If robots are ever going to earn their keep, they'll need to learn on the job. Factory supervisors have better things to do than program complex instructions, so what if they could just show robots what to do, the same way they would a new human worker? AI researchers from Nvidia have now demonstrated a system that lets robots do just that, learning how to perform a specific task by watching someone do it just once.
If past research is anything to go by, robots could one day learn through verbal instructions, and literally read our minds to correct themselves when they're making a mistake. After that, we could have robots teaching each other these skills, even sharing knowledge with each other through the cloud.
"For robots to perform useful tasks in real-world settings, it must be easy to communicate the task to the robot; this includes both the desired result and any hints as to the best means to achieve that result," the Nvidia researchers explain. "With demonstrations, a user can communicate a task to the robot and provide clues as to how to best perform the task."
For the new experiments, the researchers trained a series of neural networks to work together to complete a task demonstrated for them by a human. These neural networks are running on Nvidia's Titan X GPUs, and are hooked up to a camera that watches the human's actions, and a robot claw that mimics them.
The researchers trained the system to recognize a set of four colored blocks and a toy car. The human instructor would arrange these in a specific way, then scatter them. Then it was the robot's job to reassemble the scene as it was shown.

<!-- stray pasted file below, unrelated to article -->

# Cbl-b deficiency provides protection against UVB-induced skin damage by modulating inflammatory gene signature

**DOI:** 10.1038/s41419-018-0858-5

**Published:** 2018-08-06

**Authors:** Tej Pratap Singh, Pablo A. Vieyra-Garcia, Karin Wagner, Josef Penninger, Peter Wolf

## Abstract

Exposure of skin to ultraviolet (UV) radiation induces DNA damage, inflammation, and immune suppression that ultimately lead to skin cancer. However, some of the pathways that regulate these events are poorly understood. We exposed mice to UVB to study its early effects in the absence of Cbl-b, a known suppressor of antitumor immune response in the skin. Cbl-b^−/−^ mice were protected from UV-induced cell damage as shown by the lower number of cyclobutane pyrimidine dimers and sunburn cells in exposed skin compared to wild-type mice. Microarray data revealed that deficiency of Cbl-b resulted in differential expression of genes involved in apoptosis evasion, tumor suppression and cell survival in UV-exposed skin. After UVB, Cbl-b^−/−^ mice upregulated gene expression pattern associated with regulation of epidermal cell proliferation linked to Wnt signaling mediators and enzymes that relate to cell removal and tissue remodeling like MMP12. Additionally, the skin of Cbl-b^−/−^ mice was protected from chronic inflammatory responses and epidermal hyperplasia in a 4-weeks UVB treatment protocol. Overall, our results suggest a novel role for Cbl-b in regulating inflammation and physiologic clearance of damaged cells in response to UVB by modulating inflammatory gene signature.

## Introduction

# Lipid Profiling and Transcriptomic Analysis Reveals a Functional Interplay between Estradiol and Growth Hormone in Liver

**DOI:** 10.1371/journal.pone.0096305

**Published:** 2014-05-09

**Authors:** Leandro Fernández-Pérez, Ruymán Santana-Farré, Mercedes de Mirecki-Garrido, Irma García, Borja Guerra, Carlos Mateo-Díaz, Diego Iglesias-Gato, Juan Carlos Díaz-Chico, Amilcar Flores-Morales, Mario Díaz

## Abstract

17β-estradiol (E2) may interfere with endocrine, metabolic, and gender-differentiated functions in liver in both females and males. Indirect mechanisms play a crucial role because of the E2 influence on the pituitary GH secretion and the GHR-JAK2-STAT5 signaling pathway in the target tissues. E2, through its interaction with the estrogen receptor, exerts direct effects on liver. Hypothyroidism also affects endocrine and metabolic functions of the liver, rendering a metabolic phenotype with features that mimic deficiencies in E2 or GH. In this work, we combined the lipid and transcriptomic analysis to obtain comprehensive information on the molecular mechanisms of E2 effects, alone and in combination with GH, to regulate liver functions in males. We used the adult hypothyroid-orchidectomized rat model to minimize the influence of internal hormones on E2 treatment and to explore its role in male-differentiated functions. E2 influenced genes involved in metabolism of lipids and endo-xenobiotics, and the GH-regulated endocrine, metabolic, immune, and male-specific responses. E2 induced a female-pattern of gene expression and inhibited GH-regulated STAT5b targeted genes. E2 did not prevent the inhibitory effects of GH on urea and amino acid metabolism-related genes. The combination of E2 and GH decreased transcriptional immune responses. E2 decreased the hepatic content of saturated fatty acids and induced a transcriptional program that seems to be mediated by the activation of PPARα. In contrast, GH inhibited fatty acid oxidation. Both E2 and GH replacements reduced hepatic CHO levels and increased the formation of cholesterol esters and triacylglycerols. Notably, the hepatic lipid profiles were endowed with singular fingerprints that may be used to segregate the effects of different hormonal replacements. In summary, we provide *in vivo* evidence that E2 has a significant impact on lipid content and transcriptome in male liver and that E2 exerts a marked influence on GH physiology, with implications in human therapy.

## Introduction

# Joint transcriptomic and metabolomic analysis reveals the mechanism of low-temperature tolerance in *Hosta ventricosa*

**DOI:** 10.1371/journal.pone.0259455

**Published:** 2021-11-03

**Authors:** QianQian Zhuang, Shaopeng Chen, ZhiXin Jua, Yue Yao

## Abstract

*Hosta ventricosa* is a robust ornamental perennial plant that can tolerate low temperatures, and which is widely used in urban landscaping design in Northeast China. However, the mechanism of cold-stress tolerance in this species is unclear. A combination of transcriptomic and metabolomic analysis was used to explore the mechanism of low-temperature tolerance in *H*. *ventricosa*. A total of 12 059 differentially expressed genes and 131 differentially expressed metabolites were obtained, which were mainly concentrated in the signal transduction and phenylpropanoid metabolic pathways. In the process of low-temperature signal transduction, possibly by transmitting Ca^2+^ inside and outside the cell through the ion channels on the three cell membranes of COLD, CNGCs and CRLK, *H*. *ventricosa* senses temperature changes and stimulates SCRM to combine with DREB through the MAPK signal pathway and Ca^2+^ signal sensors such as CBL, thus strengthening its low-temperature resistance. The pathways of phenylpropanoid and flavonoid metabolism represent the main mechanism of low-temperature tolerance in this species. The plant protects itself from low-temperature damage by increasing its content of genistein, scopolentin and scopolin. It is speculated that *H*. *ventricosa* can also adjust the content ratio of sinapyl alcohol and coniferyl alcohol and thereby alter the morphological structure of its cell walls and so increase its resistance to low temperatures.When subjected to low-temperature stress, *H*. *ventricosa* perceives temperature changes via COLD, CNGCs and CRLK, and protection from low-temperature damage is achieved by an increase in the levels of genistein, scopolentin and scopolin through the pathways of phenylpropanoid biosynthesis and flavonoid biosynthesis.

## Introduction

To do so, each of the neural networks has its own job. First, an object detection network figures out what the camera is looking at. Then, a relationship inference network figures out how those pieces fit together – the blue block is on top of the red block, for example. Then, a program generation network figures out what needs to be done to achieve the goal, and finally the plan is passed to an execution network that guides the claw to pull it off.
The robot automatically picks up on its own mistakes, too. If it messes up at any stage of the process, it realizes it hasn't achieved the goal yet and tries again. But before it does anything, the robot also produces a description of its plan designed to be readable by humans, so its supervisors can check that it hasn't misinterpreted the task, and reteach it if necessary.
The researchers say the new learning technique should really help speed up the process of teaching robots, because it doesn't need to be trained on a huge amount of labeled data.
The research paper has been published online, and the team will present it at the International Conference on Robotics and Automation (ICRA) in Brisbane, Australia this week. The robot can be seen in action in the video below.